2021 Funding Priorities

City resources are finite. Demands on the Los Angeles Fire Department ("LAFD") are seemingly endless. The men and women of the LAFD have immediate funding needs for gear, equipment, and programs that help keep them safe in the line of duty. 

These needs range from resources for wildfire season and widespread emergencies, to equipment for everyday incidents and specialty units.

Approximately 97% of the city’s budget for the LAFD goes towards personnel costs, leaving just 3% to fund essential equipment, new technology and training programs. 

Our Foundation works directly with LAFD leadership to identify critical funding gaps and provides ways for the public to help. 

Donations are channeled directly into tools and tangible  resources  that help save lives. Donor dollars are spent swiftly and responsibly, making an immediate impact where they are needed most. 

The LAFD Foundation is actively seeking funds to equip our LAFD firefighters with the following:

Emergency Medical Service (EMS) Equipment

Cardiac Monitoring Devices & Automated External Defibrillators (AEDs)

The Los Angeles Fire Department (LAFD) responds to a daily average of 1,310 emergency medical calls. Of this amount, the LAFD transports an average of 510 patients to the hospital every day. The LAFD routinely uses cardiac monitoring devices and automated external defibrillators (AEDs) to monitor, diagnose, and treat life-threatening cardiac arrhythmias and sudden cardiac arrests.

The current devices were purchased about ten years ago, meaning that these devices are nearing the end of their service life.

The department identified several criteria that were essential when reviewing the available product lines. This criterion included the following:

  • Easy to transport
  • Lightweight and durability
  • Opportunities to increase patient care through technology
  • Seamless integration for patient care reporting
  • Elimination of unnecessary accessories

Newly identified equipment resolves many of the issues the previous models presented. The new AEDs and cardiac monitoring devices are equipped the with latest technology and advancements, including wireless capabilities and real-time feedback during CPR.

The LAFD estimates that it will need $7,500,000 to purchase 250 cardiac monitoring devices to replace the existing equipment. The cost of each cardiac monitoring device is $30,000. Then each AED costs about $2,000, and the department will need 275 to replace the existing devices.  

Total cost = $7.5 million


High rise and multi-level structure fires can create dangerous and unpredictable environments for firefighters. In extreme situations when an incident is deemed unsafe, firefighters may have no choice but to escape by deploying this bailout system to safely rappel down the outside of a building.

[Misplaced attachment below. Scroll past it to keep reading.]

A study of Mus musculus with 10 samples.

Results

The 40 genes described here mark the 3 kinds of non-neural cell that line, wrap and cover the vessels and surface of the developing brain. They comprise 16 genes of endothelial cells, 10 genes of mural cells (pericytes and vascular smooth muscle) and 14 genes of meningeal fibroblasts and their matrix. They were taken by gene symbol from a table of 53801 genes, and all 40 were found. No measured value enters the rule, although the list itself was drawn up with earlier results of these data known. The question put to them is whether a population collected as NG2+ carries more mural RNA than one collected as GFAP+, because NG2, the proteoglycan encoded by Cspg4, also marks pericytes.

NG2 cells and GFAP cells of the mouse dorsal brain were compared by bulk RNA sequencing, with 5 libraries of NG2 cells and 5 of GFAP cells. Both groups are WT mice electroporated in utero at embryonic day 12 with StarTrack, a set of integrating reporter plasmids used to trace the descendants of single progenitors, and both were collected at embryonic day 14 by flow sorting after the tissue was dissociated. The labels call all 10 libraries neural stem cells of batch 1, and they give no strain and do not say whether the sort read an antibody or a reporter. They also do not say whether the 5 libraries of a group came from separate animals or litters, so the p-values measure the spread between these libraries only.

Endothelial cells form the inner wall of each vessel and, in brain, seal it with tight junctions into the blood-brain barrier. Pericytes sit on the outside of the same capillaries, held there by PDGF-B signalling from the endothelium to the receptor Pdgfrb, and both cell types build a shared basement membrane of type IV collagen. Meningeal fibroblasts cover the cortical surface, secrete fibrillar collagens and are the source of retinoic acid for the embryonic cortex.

Deployed as a last resort, this system is comprised of three main components:

  • a harness/attachment;
  • a descending rope; and
  • a safety hook.

The LAFD needs to purchase additional bailout equipment and modify its aging escape systems to ensure maximum safety for our firefighters.


Clearing brush, cutting fire roads and creating natural barriers in anticipation of fire season can save homes and lives. The process is labor-intensive and exhausting. These rugged kits are specially designed to help firefighters and ground crews cut through brush and remove potential fuel sources.

Engineered to the rigorous performance specs of the LAFD, these chainsaws and hand tools allow our firefighters to cut,dig and scrape away brush down to the soil to create linear “breaks” or gaps in vegetation to help with fire containment. These tools are also used year-round for brush clearance and fire prevention.

Each kit is comprised of a variety of tools and protective equipment. The main components are:

This specialized chainsaw is lightweight for easy maneuverability, and extra sturdy to cut through logs, fallen tree limbs and heavy brush.

This lightweight shovel is ideal for cutting through tree limbs and brush, digging out burning material, throwing soil on flaming fuel and scraping combustible material down to mineral soil.

This modified shovel can clear land quickly and is ideal for chipping and cutting through grass and brush. The Rhino is lightweight, extremely durable and helps to minimize firefighter fatigue.

The Pulaski is a special hand tool, part axe and part adze blade. The Pulaski is especially hand in creating fire breaks - sections of land devoid of vegetation which can help contain brush fires. Firefighters chop down trees with the axe side, cutting away roots and shrubs and dig barriers with with the adze blade.

Brush clearance kits also include important safety equipment from protective eye wear, to Kevlar chaps for the chainsaw operators.